From its humble beginnings in 1937 Laborers Local 1001 has always represented the hardworking men and women who work for the City of Chicago.
In the early days “City Workers” were looked upon as not only public servants but also political soldiers. Most, if not all, of the members were hired through political organizations and for very modest wages. Because collective bargaining agreements were prohibited by law, the members of Local 1001 were all “at will” employees and their bargaining power was very limited.
As the Union became more and more involved and the members began to realize the potential of what a Union could be, Local 1001 became an integral part of what is today’s City of Chicago municipal workforce.
In the mid 90’s the Leadership of Local 1001 had the foresight to work with the City to create an entry level position called “Junior Laborers”, which eventually morphed into what many of our current members may remember as “Hand Laborers”. These positions created an opportunity for many to join the City workforce on an entry level as “at will” employees, without any promise of ever having a permanent Career Service status and having limited health-care, no paid holidays or paid vacation. Hundreds of the current Sanitation Laborers were hired this way and were limited to advancement only through negotiations.
In January of 2011 the City was in dire financial trouble and began the process of privatization of residential Recycling trash pickup, opening the door for further privatization in areas of residential trash pickup, forestry and many other positions represented by Local 1001.
Unfortunately, even with a new Mayor of the City of Chicago in early 2012, the cost of regular residential trash pickup was becoming cost prohibitive. Non-Union vendors were circling like vultures waiting to swoop in and with no financial rescue in site most observers knew it was only a matter of time before the City would have no choice but to privatize the work. Friendly political forces began to talk to Local 1001 about the not so bright picture of what may be on the horizon and the fact that our members may now be facing the inevitable, permanent layoffs.
Over the next several weeks the City and the Union met to discuss what could be done to save the hundreds of jobs that would be on the line if household trash pickup were lost.
The City’s position was that although a temporary furlough and or freeze may have worked just a few years earlier it unfortunately was not a long-term solution and would not work this time.
Local 1001 had always been known as one of the Local’s in Chicago that thinks outside of the box so the wheels began turning. Almost three months into the process Local 1001 brought an idea to the City, “What if you could continue to offer the same level of service, continue to hire employees that were not only Veteran’s but Chicago Public School graduates and best of all lower operating costs by a total of almost 30 million dollars over the next 5 years, would you do it?” The City’s Budget Director and the Mayor himself had a unified response “We will sign today”.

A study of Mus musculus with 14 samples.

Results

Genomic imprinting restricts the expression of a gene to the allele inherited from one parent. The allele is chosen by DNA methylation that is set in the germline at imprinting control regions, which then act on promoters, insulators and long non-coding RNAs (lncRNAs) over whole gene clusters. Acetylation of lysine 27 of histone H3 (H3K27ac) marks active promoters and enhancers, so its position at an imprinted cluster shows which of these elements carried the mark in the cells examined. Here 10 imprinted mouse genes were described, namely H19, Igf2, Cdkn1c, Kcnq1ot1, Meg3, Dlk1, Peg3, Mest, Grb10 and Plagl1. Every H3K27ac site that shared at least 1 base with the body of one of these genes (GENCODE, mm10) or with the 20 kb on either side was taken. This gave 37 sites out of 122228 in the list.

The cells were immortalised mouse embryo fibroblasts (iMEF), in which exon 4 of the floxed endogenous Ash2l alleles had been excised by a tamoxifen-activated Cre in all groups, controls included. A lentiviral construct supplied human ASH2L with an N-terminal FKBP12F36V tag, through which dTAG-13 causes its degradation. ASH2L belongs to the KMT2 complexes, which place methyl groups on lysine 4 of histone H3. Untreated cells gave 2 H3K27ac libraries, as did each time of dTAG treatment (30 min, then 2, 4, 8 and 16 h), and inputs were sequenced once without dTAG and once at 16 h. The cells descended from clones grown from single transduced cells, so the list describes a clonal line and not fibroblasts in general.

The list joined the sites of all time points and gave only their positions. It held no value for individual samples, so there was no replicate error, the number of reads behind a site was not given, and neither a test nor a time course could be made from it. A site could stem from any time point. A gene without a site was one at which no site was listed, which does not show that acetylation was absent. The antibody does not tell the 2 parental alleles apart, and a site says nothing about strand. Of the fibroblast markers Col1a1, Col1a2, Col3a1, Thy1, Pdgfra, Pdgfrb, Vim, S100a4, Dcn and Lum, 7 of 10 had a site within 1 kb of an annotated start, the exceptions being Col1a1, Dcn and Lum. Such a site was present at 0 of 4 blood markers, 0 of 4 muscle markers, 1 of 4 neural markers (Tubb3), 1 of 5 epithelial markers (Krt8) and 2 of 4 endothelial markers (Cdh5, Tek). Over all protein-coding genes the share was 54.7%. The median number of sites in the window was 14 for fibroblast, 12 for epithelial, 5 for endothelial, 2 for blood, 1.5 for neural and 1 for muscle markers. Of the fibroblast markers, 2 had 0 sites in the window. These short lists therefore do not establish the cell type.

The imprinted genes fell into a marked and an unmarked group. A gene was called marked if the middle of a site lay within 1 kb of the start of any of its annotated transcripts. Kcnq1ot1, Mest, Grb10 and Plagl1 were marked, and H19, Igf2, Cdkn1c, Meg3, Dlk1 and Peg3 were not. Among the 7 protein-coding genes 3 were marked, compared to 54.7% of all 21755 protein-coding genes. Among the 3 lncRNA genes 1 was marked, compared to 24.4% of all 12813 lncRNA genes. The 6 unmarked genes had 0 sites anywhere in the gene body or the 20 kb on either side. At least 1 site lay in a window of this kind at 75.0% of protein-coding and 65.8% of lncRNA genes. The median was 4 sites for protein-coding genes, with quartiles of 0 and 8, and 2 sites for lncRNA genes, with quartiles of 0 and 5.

And so was born the General Laborer. Over the next few weeks the language was finalized and on May 1, 2012 Mayor Emanuel and Local 1001 jointly announced a plan to hire at least 300 new General Laborers in the Department of Streets and Sanitation over the next 5 years.
In the fall of 2012 the City’s Bureau of Forestry began the process of bidding out a good portion of the City’s forestry work to private contractors. Because of what the new General Laborer title had brought to the table the work was kept in-house. Thus, eliminating the proposed privatization in the Bureau of Forestry and keeping every one of Local 1001’s members working.
In the months to come the City received a $5 million grant to do tree inoculation and was in the process of issuing a RFP. With such a proven track record, Local 1001 contacted the City’s Budget Department and asked to take the work in-house and have it done by the new General Laborers. We are proud to say that we were awarded the work and there are now over 60 General Laborers who are certified in the inoculation process.
Today, as some of our initial General Laborers now reach Career Service status, we would like to congratulate them and thank them for all their hard work and service that has transformed a concept to save hundreds of jobs, into a reality that has not only preserved jobs, reinforced all our pensions, and helped create hundreds of jobs for our brothers and sisters in one of the worst economies of our lifetime.
We are also proud to report that since the first class of General Laborers was graduated from the Chicagoland Laborers Training Center, your Union has created over 50 new prevailing wage positions for the General Laborer’s to advance to prior to even becoming Career Service. And as of August 2016, we have now surpassed the 300 General Laborer hire, more than a year ahead of schedule.
It is because of you, the General Laborer, that our Union and our City has stayed on course and with your continued hard work and support there is a bright future ahead for all the members of LiUNA Local 1001.
We know this does not get said enough but, Thank You General Laborers!